Saturday, 14 September 2013

Who are you looking at? Probably not me

Have you ever tried to play spot the writer?

It's not too hard. Wherever you are, whether walking through a crowd or sitting in a restaurant or cafe, take a look around and see if you can figure out which of the people you see are writers. At least that's the easy part. The difficult part is, like me you'll probably have no idea whether you're right or not (unless you go up to people directly and ask, which may be a little on the awkward side).

That's the great thing about being a writer. How you look makes no difference at all. There are no dress requirements or uniforms. And there are also no particular requirements to look great, like there are for actors and models, or to have extraordinary physical prowess like athletes.

Anyone you see could be a writer. We come in all shapes and sizes. We also come in any kind of packaging. True, there may be cliches about the bohemian writer, sitting in a cool cafe and drinking coffee while mulling on their latest literary masterpiece. But I suspect there are far more writers who diverge from this stereotype than those who conform to it.

That's one of the really great things I like about writing. Just as there are an innumerable number of stories, so there are an innumerable number of authors, each with their own styles of writing as well as living.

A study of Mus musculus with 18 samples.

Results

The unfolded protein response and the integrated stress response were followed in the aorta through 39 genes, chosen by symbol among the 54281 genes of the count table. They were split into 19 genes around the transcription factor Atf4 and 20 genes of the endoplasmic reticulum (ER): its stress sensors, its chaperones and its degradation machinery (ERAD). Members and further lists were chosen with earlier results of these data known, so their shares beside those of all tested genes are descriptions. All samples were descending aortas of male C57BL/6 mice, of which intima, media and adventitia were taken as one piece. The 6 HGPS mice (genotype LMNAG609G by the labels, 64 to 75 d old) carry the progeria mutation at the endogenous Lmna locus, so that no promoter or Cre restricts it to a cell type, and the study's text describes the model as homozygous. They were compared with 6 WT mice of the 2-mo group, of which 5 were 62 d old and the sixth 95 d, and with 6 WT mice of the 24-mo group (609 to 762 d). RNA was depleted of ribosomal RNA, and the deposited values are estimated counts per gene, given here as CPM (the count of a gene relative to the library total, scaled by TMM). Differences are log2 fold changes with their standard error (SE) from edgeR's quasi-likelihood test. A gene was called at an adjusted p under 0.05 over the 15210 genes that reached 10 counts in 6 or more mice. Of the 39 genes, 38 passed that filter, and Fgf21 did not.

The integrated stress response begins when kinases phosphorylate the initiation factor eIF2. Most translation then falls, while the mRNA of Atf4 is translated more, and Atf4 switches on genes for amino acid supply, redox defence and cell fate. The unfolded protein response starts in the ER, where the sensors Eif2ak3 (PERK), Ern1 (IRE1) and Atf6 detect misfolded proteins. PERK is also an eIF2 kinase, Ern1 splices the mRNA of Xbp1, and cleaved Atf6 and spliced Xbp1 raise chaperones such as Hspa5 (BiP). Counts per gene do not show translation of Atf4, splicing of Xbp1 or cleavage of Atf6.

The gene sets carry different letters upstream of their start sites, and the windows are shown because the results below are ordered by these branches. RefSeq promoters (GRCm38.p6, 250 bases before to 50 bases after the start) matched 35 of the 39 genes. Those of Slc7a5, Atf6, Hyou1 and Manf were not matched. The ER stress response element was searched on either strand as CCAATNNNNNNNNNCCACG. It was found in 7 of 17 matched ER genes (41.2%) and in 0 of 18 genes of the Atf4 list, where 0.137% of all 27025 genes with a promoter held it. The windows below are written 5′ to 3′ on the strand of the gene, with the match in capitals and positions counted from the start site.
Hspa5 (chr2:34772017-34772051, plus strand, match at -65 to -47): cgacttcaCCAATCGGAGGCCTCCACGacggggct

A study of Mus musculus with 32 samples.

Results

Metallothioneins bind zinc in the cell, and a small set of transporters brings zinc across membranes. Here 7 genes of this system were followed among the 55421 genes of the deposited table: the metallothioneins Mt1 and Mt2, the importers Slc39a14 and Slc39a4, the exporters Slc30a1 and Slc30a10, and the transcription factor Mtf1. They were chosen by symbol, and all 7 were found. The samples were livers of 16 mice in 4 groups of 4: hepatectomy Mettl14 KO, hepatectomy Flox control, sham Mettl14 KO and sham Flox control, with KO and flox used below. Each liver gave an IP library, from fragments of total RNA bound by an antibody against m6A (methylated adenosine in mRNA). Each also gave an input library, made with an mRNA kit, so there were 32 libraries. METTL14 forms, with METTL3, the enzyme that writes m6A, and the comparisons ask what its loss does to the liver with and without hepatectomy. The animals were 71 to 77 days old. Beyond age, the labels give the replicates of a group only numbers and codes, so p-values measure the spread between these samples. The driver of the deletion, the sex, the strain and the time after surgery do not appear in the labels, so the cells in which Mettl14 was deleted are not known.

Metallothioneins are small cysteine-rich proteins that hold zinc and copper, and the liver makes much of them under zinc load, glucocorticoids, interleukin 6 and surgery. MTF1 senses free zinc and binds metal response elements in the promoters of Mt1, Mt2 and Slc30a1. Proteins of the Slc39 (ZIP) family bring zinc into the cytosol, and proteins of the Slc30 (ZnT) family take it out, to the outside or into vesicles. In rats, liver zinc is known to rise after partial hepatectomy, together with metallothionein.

And I also like that being a writer doesn't define me as a person. It's something that I do, and that I enjoy. But there's an awful lot more to me than that. Even though I would love to be successful, I'm always happy to fly under the radar. I'd hate to be the sort of person who has to fend off admirers at the local supermarket (admittedly a fairly unlikely possibility).

So whether you're playing the game of spot the author or just looking around and people watching in general, I have a feeling that the person you're looking at isn't me. 

1 comment:

  1. Online it feels like everyone’s a writer but it’s all a matter of perspective, isn’t it? I seek out writers and frankly don’t spend much time around people who don’t write these days. It’s all virtual too. I’ve met hardly any writers in real life and it’s probably fair to say I actually avoid their company but only because I avoid everyone’s company these days. Of those few writers I have met I have to say the thought has crossed my mind more than once: You don’t look like a writer. I think, like you, what gets me is how ordinary we are. But then when you’re standing in the queue for the post office who’s standing there with you? A cricketer? An adulterer? A bubble gum card collector? A petty thief? I’m always fascinated when I learn anything about anyone because you really can’t tell. The one I always think of is Ralph Vaughan Williams: he looked more like a farmer than a composer. Carrie and I were watching a programme only last night and someone said something daft like, “He doesn’t look like a murderer,” to which came the predictable response, “And, pray, what does a murderer look like?” What fascinates me more about writers is why they write what they do. I know what being a writer means to me but I don’t get why people write books about zombies or poems about nature or four books a year. I do get the need to write but why write like that?